The gist: Three weeks after voting to take more control over the process, Lafayette’s City and Parish councils restored millions in federal rescue money to mostly Downtown drainage and public safety projects first proposed in an administration-led plan for how to deploy the unparalleled Covid relief funds.
Get caught up, quickly: Lafayette received a total of $86 million through the American Rescue Plan Act, the federal coronavirus relief package passed earlier this year. Mayor-President Josh Guillory sprung a combined plan on council members in August that was heavy on infrastructure but included no money for pandemic relief. Council members zeroed out the m-p’s plan and put the parish and city allocations in reserves. Guillory used line item vetoes to restore seven projects, paid for only by city dollars. The councils sustained those vetoes in a special joint meeting Tuesday night.
Here are the seven projects back on the books:
- Downtown drainage – $12.5 million
- Downtown lighting improvements – $2.5 million
- Downtown sidewalks – $1 million
- Downtown sidewalks, Phase II – $500,000
- Downtown traffic calming – $250,000
- Downtown police precinct – $50,000
- Citywide drainage – $5.2 million
City Council members voted 3-2 to override, falling short of the supermajority required to strike the vetoes. Parish Council members voted 5-0 to sustain the vetoes. Because the item was a joint ordinance, both councils would have needed supermajorities to successfully override the veto.
This commits more than half of the city of Lafayette’s allocation to projects that do not address the pandemic or its economic impact. During council discussion in August, council members on both bodies largely agreed to carve out space for social service agencies spearheading pandemic and economic aid.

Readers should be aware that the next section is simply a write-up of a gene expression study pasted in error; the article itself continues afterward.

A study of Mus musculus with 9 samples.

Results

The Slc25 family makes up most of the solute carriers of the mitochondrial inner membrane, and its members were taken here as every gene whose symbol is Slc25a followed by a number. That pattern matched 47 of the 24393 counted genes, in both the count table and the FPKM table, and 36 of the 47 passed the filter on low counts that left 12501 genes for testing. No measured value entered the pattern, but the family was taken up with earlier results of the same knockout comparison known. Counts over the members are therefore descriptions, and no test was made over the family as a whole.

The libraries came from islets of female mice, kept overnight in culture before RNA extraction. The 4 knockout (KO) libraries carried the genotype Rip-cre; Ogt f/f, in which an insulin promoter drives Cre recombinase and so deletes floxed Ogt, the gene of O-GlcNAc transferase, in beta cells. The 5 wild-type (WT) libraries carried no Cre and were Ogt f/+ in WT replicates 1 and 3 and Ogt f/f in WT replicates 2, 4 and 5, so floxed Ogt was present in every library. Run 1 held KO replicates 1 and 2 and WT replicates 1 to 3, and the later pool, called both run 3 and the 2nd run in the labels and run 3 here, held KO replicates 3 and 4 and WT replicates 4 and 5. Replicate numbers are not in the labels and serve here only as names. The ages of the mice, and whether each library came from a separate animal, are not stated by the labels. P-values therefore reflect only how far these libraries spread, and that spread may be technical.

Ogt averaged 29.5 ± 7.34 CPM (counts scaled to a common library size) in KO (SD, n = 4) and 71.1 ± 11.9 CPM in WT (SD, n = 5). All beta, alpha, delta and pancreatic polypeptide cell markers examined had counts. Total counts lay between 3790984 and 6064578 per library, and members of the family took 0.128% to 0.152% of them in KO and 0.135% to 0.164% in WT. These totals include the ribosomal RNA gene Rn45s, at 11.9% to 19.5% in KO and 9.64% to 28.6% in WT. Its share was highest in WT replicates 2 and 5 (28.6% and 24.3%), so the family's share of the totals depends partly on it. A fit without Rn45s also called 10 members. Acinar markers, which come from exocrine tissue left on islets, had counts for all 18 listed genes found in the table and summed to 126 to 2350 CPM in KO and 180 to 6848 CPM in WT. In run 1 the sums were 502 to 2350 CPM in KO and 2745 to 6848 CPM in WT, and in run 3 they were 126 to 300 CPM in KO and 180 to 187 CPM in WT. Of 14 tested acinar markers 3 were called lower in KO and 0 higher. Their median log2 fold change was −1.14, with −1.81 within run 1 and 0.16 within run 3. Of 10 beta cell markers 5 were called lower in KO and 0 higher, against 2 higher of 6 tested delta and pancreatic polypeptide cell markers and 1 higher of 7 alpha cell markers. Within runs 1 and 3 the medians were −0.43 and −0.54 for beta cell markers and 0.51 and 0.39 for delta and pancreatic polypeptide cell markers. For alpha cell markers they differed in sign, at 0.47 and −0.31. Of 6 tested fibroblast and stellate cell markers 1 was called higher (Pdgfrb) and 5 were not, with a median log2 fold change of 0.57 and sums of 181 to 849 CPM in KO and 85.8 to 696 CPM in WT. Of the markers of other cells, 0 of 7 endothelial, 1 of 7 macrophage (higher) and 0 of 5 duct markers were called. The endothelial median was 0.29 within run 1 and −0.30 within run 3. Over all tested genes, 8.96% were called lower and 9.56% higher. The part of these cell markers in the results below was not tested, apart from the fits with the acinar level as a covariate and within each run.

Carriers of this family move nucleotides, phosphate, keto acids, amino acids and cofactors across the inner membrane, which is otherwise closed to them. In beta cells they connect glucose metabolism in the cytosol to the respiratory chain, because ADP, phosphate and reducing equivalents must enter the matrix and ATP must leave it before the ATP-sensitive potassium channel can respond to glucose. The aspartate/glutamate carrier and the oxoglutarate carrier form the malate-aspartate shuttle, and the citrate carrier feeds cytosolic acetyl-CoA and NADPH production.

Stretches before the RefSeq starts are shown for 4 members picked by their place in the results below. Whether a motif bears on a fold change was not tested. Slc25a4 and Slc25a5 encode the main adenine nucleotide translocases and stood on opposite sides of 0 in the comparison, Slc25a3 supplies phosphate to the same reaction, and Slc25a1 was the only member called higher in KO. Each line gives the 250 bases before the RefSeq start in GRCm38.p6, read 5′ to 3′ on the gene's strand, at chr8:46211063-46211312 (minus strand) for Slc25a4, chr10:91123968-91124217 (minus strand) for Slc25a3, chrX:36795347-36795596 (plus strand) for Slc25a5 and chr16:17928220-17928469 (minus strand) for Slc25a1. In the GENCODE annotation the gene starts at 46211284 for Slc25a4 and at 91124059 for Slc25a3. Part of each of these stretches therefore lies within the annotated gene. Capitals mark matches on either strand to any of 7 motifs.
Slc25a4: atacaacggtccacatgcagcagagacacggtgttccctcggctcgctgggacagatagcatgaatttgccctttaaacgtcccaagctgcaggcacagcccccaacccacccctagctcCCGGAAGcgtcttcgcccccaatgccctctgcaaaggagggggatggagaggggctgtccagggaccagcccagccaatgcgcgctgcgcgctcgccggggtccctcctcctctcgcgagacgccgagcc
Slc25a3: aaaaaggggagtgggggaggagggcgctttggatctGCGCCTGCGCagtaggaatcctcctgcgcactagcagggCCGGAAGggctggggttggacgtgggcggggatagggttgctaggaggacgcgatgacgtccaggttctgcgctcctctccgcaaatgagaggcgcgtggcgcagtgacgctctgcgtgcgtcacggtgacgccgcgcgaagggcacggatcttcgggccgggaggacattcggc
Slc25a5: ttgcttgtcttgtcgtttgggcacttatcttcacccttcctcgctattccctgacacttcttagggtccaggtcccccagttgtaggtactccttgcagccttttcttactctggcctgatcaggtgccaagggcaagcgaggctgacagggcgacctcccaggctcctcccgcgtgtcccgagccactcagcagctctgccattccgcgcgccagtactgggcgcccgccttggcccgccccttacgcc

Downtown folks fought for their homes and businesses. The district has been badly flooded in recent years, in large part because of decades-old pipes and drains that can’t handle intense volumes of water. Between the ARPA allocation and big projects in the upcoming capital budget, Downtown will get tens of millions in new infrastructure, a welcome boom for its boosters.
“We’ve been asking for that funding for Downtown drainage to be prioritized for years, and it seems like we finally might have an opportunity to make that happen,” Pop’s Poboys owner Collin Cormier said Tuesday night. Pop’s has flooded routinely over the last few years, even after minor rains. “I’m not asking for Downtown drainage and safety funding in place of any of the other initiates [eligible in ARPA] listed, but in conjunction with them,” he said.
Others urged caution and asked for an equitable plan. City Councilman Glenn Lazard, joined by Pat Lewis and Nanette Cook in voting to override, has continued to advocate that ARPA funding go to fighting the pandemic and repairing economic damage, both of which have disproportionately impacted Black Americans. Lazard represents a majority Black district that includes Downtown. Cook argued that funding decisions should wait until federal guidance on eligibility is ironed out.
“Two million for lights is absurd when I drive the Northside and see homeless people, when just two weeks ago you guys were talking about golf carts,” Nureaka Ross, political action chair for the Lafayette NAACP, said during public comments Tuesday night. “And God forbid Lafayette is impacted by a hurricane in the future, I hope those lights and golf carts are still important to you all. It just doesn’t sit right on me.”
Do these projects qualify? In all likelihood, yes. But it’s hard to say for sure. Federal guidance allows local governments to spend ARPA dollars on “water, sewer and broadband infrastructure,” and stormwater infrastructure would appear to fit the bill.
Hurry up and wait. In August, the councils OK’d budgeting $380,000 to contract an audit firm at the panicked urging of the administration, which warned that failing to budget the firm would risk delaying the filing of a report required for compliance. That decision effectively kept the mayor-president’s project list in play and preserved the joint ordinance carrying it. Tuesday night, CAO Cydra Wingerter said the firm was not yet hired, and that the report was filed without them, contradicting the administration’s earlier urgency.
What to watch for: How they plan to allocate the rest of the money. The City Council still has $16 million to spend, and the Parish Council has nearly all of its $47.5 million unrestricted. There was a soft commitment to co-fund a new shelter to help address rising homelessness in the Acadiana region.